Two young men, different from who waited on us, were working the lone register and taking orders. The first set of customers made their request. Young Man 1 (YM1), who took the order, directed Young Man 2 (YM2) to go fill it. YM2 turned and pulled down some boxes, but then looked back to YM1 and asked him to repeat the order. YM1, with a touch of disgust, told YM2 that if he just looked at the screen above him, he’d know exactly what the order was. Then YM1 turned back to the line of customers and laughed.
Immediately, YM2 took on a look of embarrassment and confusion. He apparently didn’t know what to do and was now being called out for it in front of customers and coworkers. I felt for YM2. Within a few seconds, an older employee came over and made a few motions. YM2 turned and disappeared into the back of the restaurant.
Not knowing exactly what was happening, I started analyzing what I was seeing and tried to put it in the context of training and management responsibility, which is what I do. I’ve made a few presumptions and observations (P/O).
P/O #1: YM2 was a new employee shadow training with YM1 who had some experience.
P/O #2: This job shadowing training is the primary method used in this restaurant.
P/O #3: There was no formal training or preparation given to YM2 before he was assigned to the register.
P/O #4: YM1 has no particular desire, skill, or preparation in being a trainer to new employees.
P/O #5: Management is not particularly concerned with the performance or emotional well-being of employees.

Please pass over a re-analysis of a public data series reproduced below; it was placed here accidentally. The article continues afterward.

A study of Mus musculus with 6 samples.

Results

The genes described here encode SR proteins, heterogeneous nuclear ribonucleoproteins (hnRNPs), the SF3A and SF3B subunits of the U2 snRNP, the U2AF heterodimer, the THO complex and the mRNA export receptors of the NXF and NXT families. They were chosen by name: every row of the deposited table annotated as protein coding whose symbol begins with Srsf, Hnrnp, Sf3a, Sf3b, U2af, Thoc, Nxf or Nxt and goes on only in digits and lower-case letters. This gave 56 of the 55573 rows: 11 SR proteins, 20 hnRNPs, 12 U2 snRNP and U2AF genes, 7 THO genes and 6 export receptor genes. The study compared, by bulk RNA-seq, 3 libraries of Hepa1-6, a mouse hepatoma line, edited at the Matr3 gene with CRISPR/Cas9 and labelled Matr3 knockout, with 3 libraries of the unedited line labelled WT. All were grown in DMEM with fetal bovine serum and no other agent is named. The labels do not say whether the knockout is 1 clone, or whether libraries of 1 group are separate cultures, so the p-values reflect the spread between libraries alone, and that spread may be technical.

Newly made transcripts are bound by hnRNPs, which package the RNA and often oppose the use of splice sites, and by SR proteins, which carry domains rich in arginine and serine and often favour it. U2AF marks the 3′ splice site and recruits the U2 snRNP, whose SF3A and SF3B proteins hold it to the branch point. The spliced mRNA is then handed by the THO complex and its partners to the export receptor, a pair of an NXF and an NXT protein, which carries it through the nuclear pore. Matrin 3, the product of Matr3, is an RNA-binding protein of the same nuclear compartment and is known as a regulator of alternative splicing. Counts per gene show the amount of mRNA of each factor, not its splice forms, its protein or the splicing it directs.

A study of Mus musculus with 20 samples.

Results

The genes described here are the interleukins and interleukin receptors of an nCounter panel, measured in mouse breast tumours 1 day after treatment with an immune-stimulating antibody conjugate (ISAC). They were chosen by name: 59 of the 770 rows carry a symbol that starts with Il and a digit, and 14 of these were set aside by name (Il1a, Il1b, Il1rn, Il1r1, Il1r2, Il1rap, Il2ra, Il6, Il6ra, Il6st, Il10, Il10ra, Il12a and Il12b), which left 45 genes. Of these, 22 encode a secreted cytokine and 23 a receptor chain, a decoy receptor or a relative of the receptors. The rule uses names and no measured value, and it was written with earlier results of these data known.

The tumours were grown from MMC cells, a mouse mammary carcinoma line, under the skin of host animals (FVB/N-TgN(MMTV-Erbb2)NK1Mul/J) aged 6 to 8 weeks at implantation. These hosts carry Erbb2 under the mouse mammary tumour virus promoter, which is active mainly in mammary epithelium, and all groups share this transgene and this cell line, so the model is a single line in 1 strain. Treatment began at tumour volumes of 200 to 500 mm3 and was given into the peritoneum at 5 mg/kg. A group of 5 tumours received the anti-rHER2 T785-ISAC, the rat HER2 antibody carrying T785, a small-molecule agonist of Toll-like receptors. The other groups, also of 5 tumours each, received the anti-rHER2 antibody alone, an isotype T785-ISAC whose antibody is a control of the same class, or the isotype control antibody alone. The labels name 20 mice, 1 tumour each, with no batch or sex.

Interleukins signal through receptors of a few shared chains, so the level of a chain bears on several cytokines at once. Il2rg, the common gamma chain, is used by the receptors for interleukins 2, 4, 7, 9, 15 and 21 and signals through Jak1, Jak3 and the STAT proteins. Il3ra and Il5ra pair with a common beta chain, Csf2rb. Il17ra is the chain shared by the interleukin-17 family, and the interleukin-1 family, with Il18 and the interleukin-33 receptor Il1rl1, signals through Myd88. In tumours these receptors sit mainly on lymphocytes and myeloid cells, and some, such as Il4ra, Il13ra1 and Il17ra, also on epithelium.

I have no way of knowing for sure what happened after we left or even if YM2 took this episode the way I presumed. But I know how I would have felt if I was 1) expected to know something I was never shown; 2) laughed at in front of a group of strangers. I would certainly be resentful that I was placed in the situation by the company management.
The applicable take-aways for any manager are:
I’m sure there are other lessons to be learned here. Please comment below if you have additional insights or a differing view. I would love to have a conversation.
If you’d like to discuss how you can create a high-performing and safe workplace for your employees, please contact Team Learning Services at 980-435-1457 or firstname.lastname@example.org
David Koster is the owner and principle consultant of Team Learning Services. He has 30 years experience in the education and learning industry.